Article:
Souvenirs of a violent history

SUN JOURNAL

Exhibit: A show of lynching photographs in Atlanta, where the past isn't so long ago or far away, seeks to illustrate the viciousness of racism.

July 21, 2002|By Arthur Hirsch | Arthur Hirsch,SUN STAFF

These were regular folks from ordinary American towns. They cared for their families and went to church, and occasionally they would gather to commit ritual murder.

The things they did to the bodies of African-American men would not make fit talk for Sunday dinner. Nonetheless, often enough someone took photographs to remember how the corpse looked hanging from tree or trestle, or burned on a pyre, and how townspeople young and old gathered around in white shirts and white hats. Sometimes they smiled for the camera.

These photographs might be turned into souvenir postcards so a spectator could show friends and relatives far away that he was there, watching a man die.

"This is the barbecue we had last night" says the handwritten note on the back of a particularly ghastly image from the torture and burning of a black man. "My picture is to the left with a cross over it. Your son, Joe."

At the Martin Luther King Jr. National Historic Site in Atlanta, about 40 photographs and souvenir cards are on view through Dec. 30, the first exhibition of this privately owned collection in the South, where most, but not all, of about 4,700 recorded lynchings took place in the late 19th through the mid-20th centuries. Nearly 3,500 of those victims were black, though the figures are not considered comprehensive.

Considerable local anxiety preceded the Without Sanctuary exhibition's Southern debut, not least because these events, for all their medieval horror, occurred not so long ago or far away from the King site on Auburn Avenue. Second to Mississippi in the number of recorded deaths by lynching stands Georgia: 460 between 1880 and 1930.

The exhibition - presented by Emory University and the King site - has drawn bigger crowds than previous displays of these materials in New York and Pittsburgh. By early this month, the show, which opened in May, had been visited by more than 50,000 people, black and white.

Spectators walk through galleries where the walls have been painted black. Affixed to the walls are these photographs, most no bigger than a page of a paperback novel. The photographs are marked with captions about the lynching and, where information has been available, the life of the victim. Since the owners of the collection resisted the idea of enlarging the images, visitors must stand close to see the faces of the living and the dead.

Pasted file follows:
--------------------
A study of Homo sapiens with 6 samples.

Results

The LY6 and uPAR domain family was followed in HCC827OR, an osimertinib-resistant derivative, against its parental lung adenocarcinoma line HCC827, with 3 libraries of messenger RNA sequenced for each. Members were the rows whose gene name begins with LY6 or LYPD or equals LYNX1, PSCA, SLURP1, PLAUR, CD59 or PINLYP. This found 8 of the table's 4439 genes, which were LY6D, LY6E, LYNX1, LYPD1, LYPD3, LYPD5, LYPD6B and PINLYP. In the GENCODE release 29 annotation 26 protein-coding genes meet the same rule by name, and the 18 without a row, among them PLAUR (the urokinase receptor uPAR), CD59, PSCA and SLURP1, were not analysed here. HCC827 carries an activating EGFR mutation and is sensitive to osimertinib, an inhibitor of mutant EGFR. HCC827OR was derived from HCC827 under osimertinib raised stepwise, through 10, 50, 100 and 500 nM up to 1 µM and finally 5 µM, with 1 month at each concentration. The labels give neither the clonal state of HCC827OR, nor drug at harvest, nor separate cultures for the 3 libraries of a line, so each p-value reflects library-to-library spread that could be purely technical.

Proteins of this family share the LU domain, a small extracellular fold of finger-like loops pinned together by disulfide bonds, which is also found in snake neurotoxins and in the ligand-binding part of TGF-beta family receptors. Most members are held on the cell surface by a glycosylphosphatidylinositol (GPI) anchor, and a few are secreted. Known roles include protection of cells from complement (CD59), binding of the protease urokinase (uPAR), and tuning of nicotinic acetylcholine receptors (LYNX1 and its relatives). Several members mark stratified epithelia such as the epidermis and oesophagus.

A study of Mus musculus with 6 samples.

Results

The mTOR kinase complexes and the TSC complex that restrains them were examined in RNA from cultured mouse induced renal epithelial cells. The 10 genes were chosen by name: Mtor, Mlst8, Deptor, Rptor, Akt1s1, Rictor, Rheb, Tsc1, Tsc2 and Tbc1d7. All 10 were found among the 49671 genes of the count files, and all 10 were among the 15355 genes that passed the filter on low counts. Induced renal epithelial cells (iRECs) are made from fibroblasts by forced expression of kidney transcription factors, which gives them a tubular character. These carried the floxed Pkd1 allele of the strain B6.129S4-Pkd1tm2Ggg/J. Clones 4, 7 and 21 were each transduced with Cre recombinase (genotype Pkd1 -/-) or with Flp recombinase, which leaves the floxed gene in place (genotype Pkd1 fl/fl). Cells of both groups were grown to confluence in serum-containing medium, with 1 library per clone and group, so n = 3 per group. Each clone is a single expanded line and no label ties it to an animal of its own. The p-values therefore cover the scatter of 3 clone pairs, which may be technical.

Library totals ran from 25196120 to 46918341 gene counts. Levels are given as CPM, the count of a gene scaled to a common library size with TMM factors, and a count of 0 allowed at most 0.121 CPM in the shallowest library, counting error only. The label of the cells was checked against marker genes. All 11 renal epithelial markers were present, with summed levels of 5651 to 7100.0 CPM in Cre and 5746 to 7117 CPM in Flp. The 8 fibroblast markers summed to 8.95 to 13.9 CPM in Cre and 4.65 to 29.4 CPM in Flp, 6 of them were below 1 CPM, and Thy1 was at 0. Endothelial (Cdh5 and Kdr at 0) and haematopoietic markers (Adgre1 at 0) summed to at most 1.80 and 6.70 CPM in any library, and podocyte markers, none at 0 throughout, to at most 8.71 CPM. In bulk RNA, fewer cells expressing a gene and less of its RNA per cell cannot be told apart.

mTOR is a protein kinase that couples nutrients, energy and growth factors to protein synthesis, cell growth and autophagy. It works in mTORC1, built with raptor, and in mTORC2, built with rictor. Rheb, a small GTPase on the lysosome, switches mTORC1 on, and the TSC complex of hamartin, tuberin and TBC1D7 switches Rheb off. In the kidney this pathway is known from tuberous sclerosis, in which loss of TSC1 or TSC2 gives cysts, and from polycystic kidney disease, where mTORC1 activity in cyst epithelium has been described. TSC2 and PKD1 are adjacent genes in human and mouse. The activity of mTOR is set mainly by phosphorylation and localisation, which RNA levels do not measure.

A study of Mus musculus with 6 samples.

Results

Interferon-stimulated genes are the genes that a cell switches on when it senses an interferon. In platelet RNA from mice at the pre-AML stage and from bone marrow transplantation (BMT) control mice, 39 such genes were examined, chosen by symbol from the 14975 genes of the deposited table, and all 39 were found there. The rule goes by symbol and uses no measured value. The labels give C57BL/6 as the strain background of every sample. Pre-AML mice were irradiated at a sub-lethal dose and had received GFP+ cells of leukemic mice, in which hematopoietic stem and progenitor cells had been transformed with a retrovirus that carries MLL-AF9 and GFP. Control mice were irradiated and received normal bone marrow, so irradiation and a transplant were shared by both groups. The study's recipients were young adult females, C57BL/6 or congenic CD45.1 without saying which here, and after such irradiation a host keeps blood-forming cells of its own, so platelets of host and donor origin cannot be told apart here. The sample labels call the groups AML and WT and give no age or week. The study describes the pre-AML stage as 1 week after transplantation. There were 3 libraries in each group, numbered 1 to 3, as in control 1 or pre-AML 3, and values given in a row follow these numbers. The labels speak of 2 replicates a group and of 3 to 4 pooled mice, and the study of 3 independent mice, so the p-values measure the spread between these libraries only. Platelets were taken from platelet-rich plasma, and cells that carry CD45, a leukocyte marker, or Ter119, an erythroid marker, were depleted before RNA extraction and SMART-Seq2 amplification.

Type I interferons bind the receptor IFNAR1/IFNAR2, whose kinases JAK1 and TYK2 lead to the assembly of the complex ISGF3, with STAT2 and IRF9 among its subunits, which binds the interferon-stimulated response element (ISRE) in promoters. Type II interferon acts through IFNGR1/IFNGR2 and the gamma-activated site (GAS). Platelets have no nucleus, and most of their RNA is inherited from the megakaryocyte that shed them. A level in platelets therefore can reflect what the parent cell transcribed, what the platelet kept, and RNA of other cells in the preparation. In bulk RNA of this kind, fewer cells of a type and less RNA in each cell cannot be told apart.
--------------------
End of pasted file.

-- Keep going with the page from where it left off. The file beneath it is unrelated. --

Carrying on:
That picture of visitors leaning into these horrifying photographs conveys something of what the organizers are after. By presenting as much information as could be found about the victims, they would have you make some connection to them as people. They would also have you see that their killers were not monsters but people from town: neighbors, mechanics, the guy who delivered milk.

The hope is to arouse "an awareness of the viciousness of racism," says Emory religion Professor Theophus Smith, who helped organize the exhibition. "The country is still in denial about the violence of racism. You couldn't look at these images without getting it."

Historian Benedict Anderson has argued in his book Imagined Communities that nations march to a cadence of remembering and forgetting. For the collectors of this material and the organizers of the display, white Americans appear to lean toward amnesia, especially in matters of race.

From white visitors, says exhibition volunteer Gerald Boyd, "I am always hearing: `We can't believe this happened.'"

Boyd, who has talked with visitors individually and in organized discussion groups, notes a "complete disassociation" from these events among white viewers, "as if some alien or some invading group of people did this."

Exhibition volunteer Valetta Anderson says even among people who knew about lynching, the display appears to be shattering preconceived ideas.

Says Anderson, "A lot of people thought lynchings were done in the dead of night in secret."

Many were, but many were public events. So-called "spectacle lynchings" were sometimes conducted with enough planning that notices appeared in newspapers. Crowds numbering in the hundreds gathered as if for a county fair. Anecdotal accounts suggest that food and drinks were occasionally served. According to historian Philip Dray, at one immolation in Pennsylvania in 1911, spectators were said to have enjoyed ice cream sundaes.

The exhibition includes images of white people standing around the corpse, many smiling, many looking at the camera. These pictures have left many visitors "shocked and disturbed," says Anderson. "They were disturbed that children were brought" to see the killing.

"These were not people who were shrinking; they were posing," says the exhibit's curator, Joseph F. Jordan. "They were placing themselves in close proximity so they could be associated" with the killing.

"Most people are completely awe-struck at the fact that nothing was done, that in the eyes of the law nothing was done," says Adrian Tonge, volunteer coordinator for the exhibition.